What does this really mean in everyday life? Why is it important to practice this? How does it free you from anger and resentment, hatred and bitterness?

As human beings we tend to be very egocentric, meaning that we tend to see things biasedly from our own viewpoints when interacting with other people.  Applying empathy to situations can sometimes help to have a more realistic view of situations. If Susan or Mark walks past without greeting or seems “rude” in a text many of us get upset, or we wonder what is it that WE have done to anger the other person, or it makes us dislike the other immediately. Applying empathy lets you ask another set of questions or thoughts. It lets you give the person the benefit of the doubt. It lets you question more deeply the intent of the person. “Is Susan having a bad day?” “Sheesh Mark was so preoccupied he didn’t even see me.” “Susan must be really upset for her to send such a rude text. Let me ask her is she’s ok?”

Repeated patterns of behaviour are problematic but if someone reacts or acts in a way that is not the norm for them, instead of feeling it is directed at you or feeling angry with them, give them the benefit of the doubt. Apply EMPATHY. Don’t let your first instinct be anger or self-doubt.

Applying this simply principal to your life can unburden you and release anger. It can also help you be a little less egocentric. Not everything is your fault or because of your actions. Sometimes someone may just be having a bad day, may be sad, angry, hurt, distracted, busy and their actions and feelings were never meant directly for you or to you. Allow yourself to question, see things differently, re-evaluate. This helps in creating less conflict and self-blame.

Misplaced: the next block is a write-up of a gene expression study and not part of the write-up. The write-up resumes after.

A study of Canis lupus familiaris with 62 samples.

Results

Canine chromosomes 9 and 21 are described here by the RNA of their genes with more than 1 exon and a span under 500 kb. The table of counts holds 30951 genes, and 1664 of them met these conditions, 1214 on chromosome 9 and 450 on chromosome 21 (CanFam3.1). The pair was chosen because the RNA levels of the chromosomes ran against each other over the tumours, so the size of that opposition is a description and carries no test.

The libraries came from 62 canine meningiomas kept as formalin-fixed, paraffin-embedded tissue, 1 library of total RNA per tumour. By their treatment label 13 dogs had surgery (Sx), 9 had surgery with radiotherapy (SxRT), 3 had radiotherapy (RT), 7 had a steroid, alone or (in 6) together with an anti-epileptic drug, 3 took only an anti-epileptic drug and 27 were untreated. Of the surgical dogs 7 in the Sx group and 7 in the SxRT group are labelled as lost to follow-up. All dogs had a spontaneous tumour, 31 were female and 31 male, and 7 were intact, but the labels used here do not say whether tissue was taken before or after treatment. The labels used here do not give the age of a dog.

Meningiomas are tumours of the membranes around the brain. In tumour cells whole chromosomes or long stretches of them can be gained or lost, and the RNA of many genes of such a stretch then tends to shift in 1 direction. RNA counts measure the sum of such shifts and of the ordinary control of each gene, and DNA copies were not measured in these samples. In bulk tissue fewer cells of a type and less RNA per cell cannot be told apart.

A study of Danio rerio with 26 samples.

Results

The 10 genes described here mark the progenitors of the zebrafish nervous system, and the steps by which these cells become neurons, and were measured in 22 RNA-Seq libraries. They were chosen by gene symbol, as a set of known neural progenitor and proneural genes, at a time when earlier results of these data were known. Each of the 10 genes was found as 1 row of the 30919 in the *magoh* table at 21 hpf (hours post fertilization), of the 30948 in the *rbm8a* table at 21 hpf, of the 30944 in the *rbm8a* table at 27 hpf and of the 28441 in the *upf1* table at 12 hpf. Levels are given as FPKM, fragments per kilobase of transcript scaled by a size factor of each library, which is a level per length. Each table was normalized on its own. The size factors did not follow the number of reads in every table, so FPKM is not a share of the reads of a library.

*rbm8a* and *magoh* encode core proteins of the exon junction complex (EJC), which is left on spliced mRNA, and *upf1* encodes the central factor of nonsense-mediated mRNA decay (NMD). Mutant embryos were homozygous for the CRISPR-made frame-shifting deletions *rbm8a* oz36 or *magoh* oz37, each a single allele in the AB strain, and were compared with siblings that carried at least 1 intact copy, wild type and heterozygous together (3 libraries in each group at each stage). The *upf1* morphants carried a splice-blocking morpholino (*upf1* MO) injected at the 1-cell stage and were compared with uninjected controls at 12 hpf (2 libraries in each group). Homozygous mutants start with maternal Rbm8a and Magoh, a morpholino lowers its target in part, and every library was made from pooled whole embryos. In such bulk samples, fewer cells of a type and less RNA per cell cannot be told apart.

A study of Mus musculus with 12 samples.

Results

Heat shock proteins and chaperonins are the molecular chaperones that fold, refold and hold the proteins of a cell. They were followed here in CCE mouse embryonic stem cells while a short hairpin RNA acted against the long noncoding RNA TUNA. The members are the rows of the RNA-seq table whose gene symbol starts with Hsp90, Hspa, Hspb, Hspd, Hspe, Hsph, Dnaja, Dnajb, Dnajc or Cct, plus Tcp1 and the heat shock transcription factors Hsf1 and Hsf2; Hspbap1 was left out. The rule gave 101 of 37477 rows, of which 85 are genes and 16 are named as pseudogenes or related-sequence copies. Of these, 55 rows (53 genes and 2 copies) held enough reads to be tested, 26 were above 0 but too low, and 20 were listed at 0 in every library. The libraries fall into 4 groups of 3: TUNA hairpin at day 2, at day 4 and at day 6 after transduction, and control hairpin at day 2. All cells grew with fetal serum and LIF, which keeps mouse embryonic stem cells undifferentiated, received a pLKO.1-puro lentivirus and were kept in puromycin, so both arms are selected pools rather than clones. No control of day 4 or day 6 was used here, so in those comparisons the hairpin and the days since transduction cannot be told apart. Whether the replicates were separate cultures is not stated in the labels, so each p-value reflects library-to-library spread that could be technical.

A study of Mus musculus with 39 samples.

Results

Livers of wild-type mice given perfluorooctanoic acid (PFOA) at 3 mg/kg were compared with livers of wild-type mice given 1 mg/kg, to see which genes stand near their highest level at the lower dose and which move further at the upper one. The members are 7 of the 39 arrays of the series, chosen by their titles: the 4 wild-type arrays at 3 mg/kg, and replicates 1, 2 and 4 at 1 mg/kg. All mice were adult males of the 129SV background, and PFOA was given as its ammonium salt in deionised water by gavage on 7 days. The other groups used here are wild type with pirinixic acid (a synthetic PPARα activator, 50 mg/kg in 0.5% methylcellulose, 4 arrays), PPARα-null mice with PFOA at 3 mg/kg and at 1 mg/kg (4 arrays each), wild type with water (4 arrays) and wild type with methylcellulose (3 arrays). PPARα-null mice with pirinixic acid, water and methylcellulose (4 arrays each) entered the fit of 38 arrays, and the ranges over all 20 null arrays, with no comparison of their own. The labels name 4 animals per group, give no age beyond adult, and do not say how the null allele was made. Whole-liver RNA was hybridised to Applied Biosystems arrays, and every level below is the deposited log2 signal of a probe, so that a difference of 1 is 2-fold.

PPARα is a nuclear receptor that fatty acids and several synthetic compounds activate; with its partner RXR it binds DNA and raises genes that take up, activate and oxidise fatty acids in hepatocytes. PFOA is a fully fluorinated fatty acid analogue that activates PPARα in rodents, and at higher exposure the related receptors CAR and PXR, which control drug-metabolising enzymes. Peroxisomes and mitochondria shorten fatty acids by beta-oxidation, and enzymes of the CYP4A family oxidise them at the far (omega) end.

This principal also helps immensely in our everyday lives with our loved ones. When you send your wife a text and you see the blue ticks but you wait and there’s no response it is easy for the first thought to be “She doesn’t even care to message back”; or “She’s avoiding chatting to me.” Instead, sometimes, your first thought can be “She must be having a really busy day if she can’t message me now.”

If your child is taking too long to get out of bed: “Every morning it’s the same with you – GET OUT NOW OR I’LL TAKE YOU TO SCHOOL IN YOUR PAJAMAS.” As an alternative you could start with “Shame my baby, mornings seem really hard for you….”

Your best friend hasn’t called you in a week: “She only calls when she needs something” or “she’s angry with me” or “she’s getting back at me because I was busy last week.” Instead “Maybe she doesn’t have airtime – Let me send her a WhatsApp.”

Having empathy or giving people the benefit of the doubt makes for better communication, healthier relationships and models to significant others the way to behave.

If you’re having problems with your interactions in everyday life, either because you misunderstand others or they misunderstand you give us a call at Psychmatters for a one-on-one session or to attend one of our many workshops.